Light rail talk in Blount

CAPPE meeting explores transportation options

Nina Gregg addresses the audience gathered at the Blount County Public Library Sharon Lawson Room for the annual meeting of Citizen’s Against Pellissippi Parkway Extension.

Nina Gregg addresses the audience gathered at the Blount County Public Library Sharon Lawson Room for the annual meeting of Citizen’s Against Pellissippi Parkway Extension.

Mike Cook shares his thoughts during the Citizens Against the Pellissippi Parkway Extension annual meeting.

Mike Cook shares his thoughts during the Citizens Against the Pellissippi Parkway Extension annual meeting.

Joe Hultquist, interim executive director with East Tennessee Quality Growth, Inc., tells members of CAPPE about studies on smart growth.

Joe Hultquist, interim executive director with East Tennessee Quality Growth, Inc., tells members of CAPPE about studies on smart growth.

Imagine a train line from Knoxville to Blount County, carrying people from the airport and the new Alcoa downtown center to Knoxville in a matter of minutes.

That’s a vision former Knoxville city councilman Joe Hultquist painted for members of the Citizens Against the Pellissippi Parkway Extension during their meeting on Feb. 22.

Hultquist, interim executive director of East Tennessee Quality Growth, Inc., gave a presentation entitled “The Knoxville Regional Rail Transit Opportunity” and explained how a rail line could be created using the former Norfolk Southern line from Knoxville to Blount County. “I think it is a potential opportunity,” Hultquist said. “And we’ve got lots of opportunity. Development will be influenced by the transportation systems networks we build.”

Hultquist said currently the vans driven by East Tennessee Human Resources Agency are the only public transportation outside Knoxville. “One of the things we have not seen in our region is anything resembling a robust regional transportation system,” he said.

The former Knoxville city councilman said that in 2007, the city of Charlotte cut the ribbon on a new light rail system, but it came with a hefty price tag. “It’s a top-notch system, and it’s also very expensive - $40 million to $70 million a mile,” he said. “That’s a big ticket investment. SmartFix 40 cost $110 million to $120 million.”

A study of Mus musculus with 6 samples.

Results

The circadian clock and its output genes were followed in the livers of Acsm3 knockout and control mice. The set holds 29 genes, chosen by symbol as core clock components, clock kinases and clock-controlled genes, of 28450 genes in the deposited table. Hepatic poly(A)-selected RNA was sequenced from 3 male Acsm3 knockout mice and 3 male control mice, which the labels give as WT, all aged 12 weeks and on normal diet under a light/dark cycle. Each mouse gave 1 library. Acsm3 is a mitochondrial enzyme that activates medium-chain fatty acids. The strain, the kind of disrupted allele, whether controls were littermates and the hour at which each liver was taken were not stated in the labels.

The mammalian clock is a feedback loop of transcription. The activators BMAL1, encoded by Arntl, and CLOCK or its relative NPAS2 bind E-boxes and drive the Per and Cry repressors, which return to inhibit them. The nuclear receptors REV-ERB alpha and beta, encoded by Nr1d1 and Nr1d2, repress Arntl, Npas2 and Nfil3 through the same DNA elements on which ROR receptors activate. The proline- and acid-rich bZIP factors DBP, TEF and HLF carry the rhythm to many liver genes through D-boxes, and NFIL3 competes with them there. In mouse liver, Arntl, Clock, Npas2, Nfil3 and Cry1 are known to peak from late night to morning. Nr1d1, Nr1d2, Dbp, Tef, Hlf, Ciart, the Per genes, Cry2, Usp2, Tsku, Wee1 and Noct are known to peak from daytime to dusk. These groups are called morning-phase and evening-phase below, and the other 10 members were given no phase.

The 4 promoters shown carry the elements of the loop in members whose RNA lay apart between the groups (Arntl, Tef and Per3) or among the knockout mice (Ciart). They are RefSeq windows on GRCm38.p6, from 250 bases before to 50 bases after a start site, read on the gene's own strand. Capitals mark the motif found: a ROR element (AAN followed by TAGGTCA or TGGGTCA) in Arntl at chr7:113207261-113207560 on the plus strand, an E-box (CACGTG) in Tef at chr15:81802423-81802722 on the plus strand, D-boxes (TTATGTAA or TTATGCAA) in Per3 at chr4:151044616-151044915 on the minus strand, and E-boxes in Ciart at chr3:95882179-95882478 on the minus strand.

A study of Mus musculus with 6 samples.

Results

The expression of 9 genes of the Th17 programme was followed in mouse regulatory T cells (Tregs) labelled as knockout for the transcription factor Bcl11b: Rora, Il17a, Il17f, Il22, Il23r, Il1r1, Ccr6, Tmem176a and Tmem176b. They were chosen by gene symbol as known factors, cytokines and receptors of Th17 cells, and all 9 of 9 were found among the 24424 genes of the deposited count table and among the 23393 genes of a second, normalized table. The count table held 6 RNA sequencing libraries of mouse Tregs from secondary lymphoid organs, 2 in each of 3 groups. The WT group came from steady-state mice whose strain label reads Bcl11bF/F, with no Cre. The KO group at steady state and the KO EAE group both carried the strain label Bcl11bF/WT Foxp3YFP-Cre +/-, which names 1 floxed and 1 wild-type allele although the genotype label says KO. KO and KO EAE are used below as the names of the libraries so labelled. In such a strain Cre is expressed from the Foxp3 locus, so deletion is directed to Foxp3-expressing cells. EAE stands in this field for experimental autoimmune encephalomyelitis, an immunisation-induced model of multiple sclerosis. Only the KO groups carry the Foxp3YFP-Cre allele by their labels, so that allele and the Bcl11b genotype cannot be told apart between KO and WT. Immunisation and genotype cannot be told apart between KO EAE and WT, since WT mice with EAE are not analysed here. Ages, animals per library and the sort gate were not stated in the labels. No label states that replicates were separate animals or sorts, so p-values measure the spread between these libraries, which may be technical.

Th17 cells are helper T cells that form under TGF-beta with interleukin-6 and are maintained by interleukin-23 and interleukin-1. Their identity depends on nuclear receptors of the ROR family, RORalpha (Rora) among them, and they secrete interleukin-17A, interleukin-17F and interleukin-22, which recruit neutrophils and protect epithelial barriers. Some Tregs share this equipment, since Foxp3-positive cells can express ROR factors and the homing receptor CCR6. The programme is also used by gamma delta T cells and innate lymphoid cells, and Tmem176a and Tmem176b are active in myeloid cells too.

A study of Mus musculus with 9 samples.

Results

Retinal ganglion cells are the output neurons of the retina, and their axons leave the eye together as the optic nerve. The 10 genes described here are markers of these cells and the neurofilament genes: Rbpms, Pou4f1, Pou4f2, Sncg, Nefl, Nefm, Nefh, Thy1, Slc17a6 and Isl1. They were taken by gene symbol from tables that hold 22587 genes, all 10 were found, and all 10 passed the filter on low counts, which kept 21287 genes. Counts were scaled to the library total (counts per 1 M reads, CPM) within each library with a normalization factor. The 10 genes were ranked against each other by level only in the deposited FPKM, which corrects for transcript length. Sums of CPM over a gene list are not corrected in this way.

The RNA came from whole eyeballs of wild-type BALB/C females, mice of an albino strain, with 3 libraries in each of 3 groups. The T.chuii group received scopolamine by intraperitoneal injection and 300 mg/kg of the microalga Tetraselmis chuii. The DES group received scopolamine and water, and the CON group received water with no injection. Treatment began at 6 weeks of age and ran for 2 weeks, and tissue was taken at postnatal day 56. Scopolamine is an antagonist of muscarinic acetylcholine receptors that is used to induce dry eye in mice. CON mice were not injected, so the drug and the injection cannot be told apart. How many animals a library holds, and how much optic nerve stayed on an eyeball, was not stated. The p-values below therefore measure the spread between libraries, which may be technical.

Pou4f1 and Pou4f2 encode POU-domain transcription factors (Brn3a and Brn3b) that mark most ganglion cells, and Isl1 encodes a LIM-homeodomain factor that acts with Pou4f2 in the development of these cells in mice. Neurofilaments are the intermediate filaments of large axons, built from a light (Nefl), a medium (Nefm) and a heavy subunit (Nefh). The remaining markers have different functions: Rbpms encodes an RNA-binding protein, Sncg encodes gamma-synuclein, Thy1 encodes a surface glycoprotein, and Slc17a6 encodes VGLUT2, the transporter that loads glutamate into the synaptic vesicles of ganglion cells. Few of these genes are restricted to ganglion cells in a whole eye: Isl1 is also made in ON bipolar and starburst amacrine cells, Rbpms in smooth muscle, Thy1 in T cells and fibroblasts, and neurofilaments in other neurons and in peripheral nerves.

Hultquist, a Maryville native, suggested using existing freight line tracks such as the Norfolk-Southern line from Knoxville to Blount County. “I believe it has the potential to be our first light rail line,” he said. “The idea is to have rail access to the airport. We can’t justify that alone, but if we tie it into a major development, all this begins to make sense.”

Hultquist suggested a variety of approaches that could be considered. One idea, using a hybrid-diesel powered electric rail car would cost a total of $41 million with about $2.6 million in annual maintenance.

Wherever the light rail stops are situated are points that become ripe for development, said Hultquist. “Development in Charlotte happened where stations were going to be,” he said.

Hultquist said that in the areas where stops were planned or were already in place in Charlotte saw growth. “They hit $1.5 billion in development,” he said. “It has a huge impact.”

People are becoming interested in modes of transportation other than automobiles, said Hultquist, because many people are coming out of college without the desire to move to the suburbs. In other cases, older couples are ready to move back to the city after raising children. “There are a lot of different dynamics at work,” he said.

Hultquist said developers aren’t the only individuals interested in this plan. “The airport authority is very interested,” he said. “The airport authority would like to see this happen.”

Hultquist, one of the organizers of the Plain Talk on Quality Growth forum that was held in March of 2007, said the next forum will be on Sept. 29. “It exceeded our expectations in 2007. We wanted 400 participants and got 700. It was a homerun,” he said. “Then we decided rather than create another conference, we would create a non-profit. We were very methodical in putting together an organization in a 16-county region.”

After about a year in which he served as president/chair, he got the chance to lead the organization from a paid position, and they hired him as interim director.

The organization has two key projects: organizing the Plain Talk on Quality Growth event and acting an advisor to communities and municipalities with regard to growth. “We assist local government, giving them the tools to help promote quality growth in their community,” he said. “I think it is timely. Even in a recession, you have to address growth-related issues. Now is the time to plan for growth.”

Hultquist has been interested in quality growth for many years. In March 1999, he gathered with other people interested in developing a regional visioning process. From that meeting, the Initiating Committee for Nine Counties One Vision (9C1V) evolved. Hultquist led the 9C1V outreach effort and has served continually on the 9C1V board of directors.

Approximately 30 people attended the CAPPE annual meeting.